Do you have members of your team who work in remote locations? I do. It can be a challenge to tune into remote team members because email exchanges don’t provide the nonverbal cues that guide us in face-to-face interactions. We can’t see body language, can’t hear a tone of voice, can’t gauge eye contact.
The person on the other end of an email exchange also can’t see or hear important nonverbal cues from you.
I was recently reminded of this when one of my research projects had some negative results. It was a new kind of project for the team, which was exciting for me since I always love trying new things. When the initial results came in, I shared them out immediately and initiated an email exchange that attempted to analyze the data and put it in perspective. During the exchange, it occurred to me that one particular team member might be getting the wrong message from our email interaction.
Sometimes a matter-of-fact email tone can be read and “heard” as anger, frustration, or disappointment. In the absence of nonverbal cues, team members can recast the relaying of facts into a story of blame. “Since I was the one who suggested the project,” someone might tell himself, “I am the one to blame for its failure.”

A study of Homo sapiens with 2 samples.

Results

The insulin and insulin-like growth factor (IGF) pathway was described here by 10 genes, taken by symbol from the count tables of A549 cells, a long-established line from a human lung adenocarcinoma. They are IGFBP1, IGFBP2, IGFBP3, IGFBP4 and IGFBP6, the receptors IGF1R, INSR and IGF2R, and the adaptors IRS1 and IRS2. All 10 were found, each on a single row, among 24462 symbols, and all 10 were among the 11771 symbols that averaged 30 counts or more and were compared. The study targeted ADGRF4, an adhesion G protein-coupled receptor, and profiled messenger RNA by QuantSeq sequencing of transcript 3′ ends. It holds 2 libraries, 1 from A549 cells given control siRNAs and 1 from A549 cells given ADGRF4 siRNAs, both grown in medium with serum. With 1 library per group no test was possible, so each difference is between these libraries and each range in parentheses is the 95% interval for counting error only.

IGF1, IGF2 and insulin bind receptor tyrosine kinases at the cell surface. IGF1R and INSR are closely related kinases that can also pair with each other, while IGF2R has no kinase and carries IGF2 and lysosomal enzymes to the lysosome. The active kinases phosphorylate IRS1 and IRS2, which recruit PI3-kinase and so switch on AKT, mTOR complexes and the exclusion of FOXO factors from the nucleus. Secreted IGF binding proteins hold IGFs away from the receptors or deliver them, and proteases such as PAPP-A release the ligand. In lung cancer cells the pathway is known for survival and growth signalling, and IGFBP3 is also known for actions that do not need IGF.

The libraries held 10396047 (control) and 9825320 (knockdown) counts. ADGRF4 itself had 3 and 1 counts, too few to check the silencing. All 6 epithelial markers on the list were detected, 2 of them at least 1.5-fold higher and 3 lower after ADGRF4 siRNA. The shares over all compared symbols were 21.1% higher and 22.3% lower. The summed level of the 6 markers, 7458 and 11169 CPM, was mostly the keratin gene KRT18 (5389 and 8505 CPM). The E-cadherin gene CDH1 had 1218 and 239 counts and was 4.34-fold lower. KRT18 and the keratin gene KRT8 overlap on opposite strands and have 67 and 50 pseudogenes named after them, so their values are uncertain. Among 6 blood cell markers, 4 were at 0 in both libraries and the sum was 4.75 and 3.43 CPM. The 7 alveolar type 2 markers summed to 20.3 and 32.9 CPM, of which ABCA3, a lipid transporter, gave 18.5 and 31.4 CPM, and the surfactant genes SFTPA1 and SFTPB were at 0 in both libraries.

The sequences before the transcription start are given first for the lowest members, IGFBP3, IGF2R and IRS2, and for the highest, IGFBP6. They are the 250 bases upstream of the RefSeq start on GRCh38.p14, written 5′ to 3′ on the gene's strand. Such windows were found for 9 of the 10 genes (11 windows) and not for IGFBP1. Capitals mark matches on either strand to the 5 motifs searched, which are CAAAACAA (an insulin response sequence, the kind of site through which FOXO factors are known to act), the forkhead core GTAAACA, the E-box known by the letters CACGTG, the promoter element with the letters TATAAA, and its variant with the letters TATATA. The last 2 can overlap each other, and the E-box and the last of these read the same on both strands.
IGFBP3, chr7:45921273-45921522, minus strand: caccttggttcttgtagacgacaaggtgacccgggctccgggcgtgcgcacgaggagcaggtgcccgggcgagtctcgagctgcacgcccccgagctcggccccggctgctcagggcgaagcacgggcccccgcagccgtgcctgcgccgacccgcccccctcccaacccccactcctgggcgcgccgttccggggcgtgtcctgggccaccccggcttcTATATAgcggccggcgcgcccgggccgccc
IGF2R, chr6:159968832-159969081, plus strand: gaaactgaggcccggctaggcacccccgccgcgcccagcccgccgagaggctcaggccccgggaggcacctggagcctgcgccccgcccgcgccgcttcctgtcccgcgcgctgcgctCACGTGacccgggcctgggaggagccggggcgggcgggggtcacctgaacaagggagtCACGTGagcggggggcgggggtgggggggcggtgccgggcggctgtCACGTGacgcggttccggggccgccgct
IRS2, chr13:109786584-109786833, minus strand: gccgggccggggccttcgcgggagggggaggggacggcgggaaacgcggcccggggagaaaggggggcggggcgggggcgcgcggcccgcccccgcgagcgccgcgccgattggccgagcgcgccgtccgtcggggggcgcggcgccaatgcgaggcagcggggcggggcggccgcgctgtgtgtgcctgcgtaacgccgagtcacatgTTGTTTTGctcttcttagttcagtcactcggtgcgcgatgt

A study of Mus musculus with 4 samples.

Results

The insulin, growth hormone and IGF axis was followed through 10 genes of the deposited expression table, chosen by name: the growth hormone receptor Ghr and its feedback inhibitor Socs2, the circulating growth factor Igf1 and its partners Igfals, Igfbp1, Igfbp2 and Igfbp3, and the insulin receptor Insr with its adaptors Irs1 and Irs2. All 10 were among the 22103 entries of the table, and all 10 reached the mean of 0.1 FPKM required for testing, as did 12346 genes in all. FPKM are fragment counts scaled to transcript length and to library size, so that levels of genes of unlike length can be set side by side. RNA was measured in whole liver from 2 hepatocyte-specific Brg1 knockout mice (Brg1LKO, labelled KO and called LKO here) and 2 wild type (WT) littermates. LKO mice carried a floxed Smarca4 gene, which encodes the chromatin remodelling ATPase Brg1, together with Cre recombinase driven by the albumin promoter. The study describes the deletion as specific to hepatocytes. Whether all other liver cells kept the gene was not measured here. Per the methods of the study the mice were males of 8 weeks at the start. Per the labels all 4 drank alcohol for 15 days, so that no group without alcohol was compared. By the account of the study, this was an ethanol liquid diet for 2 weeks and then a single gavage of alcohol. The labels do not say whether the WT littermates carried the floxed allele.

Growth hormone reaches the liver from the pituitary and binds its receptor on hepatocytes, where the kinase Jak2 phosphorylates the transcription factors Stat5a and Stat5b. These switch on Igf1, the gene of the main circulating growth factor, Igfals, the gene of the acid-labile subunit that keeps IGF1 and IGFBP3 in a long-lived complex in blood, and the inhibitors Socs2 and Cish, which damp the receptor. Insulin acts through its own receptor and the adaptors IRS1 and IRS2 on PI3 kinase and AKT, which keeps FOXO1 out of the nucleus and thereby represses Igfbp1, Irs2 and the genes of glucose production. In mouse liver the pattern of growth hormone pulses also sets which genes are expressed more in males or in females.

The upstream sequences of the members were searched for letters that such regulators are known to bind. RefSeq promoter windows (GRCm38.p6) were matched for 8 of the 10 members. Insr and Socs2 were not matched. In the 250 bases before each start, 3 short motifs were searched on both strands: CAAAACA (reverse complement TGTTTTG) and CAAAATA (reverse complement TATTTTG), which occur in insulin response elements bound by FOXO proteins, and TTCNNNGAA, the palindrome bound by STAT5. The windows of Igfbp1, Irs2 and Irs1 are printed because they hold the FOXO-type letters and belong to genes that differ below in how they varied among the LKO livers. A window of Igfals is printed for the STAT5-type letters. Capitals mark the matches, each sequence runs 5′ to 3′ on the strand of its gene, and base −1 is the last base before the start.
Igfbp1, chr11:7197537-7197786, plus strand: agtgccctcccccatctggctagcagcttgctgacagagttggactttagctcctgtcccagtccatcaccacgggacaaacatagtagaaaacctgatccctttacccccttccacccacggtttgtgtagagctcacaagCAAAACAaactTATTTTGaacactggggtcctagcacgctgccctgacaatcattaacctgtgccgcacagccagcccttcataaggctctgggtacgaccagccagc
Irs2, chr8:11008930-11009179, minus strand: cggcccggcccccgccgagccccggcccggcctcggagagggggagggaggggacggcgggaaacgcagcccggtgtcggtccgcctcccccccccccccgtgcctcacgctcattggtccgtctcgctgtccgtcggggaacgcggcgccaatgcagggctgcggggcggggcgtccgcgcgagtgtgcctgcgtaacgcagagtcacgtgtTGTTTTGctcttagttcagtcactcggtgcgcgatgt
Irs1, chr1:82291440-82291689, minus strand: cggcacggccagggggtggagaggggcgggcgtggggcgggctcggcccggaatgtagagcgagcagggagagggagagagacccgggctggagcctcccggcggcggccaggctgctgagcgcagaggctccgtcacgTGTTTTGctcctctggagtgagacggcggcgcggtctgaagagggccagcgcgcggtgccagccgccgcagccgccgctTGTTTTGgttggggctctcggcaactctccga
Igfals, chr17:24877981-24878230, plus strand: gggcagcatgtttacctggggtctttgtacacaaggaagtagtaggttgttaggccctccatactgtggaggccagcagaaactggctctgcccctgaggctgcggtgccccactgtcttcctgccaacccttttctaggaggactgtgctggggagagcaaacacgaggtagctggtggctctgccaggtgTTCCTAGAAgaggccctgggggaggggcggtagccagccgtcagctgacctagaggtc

I like to be clear about the messages I send my team members. I don’t like to leave room for second-guessing, which may get in the way of how well we work together. So I picked up the phone.
“I needed you to hear my voice,” I explained. “I am not upset by these results.”
Personal interactions can often accomplish in 3 seconds what a flurry of emails cannot. We sometimes forget that our brains are constantly taking in all kinds of information that helps us assign meaning to what someone is actually saying.
I knew that my tone of voice would immediately convey what I wanted to communicate: that I did not feel disappointment; that I was not sorry we went ahead with the project. In fact the phone conversation allowed me to stress what I value most: learning, growing and moving forward.
Whether your team members are close by or far away, it’s important to be mindful that the message they might be “hearing” is not the one you intended. As you tune into what team members might be thinking and feeling, recognize that it’s also important to provide personal interactions that give them opportunities to tune into you.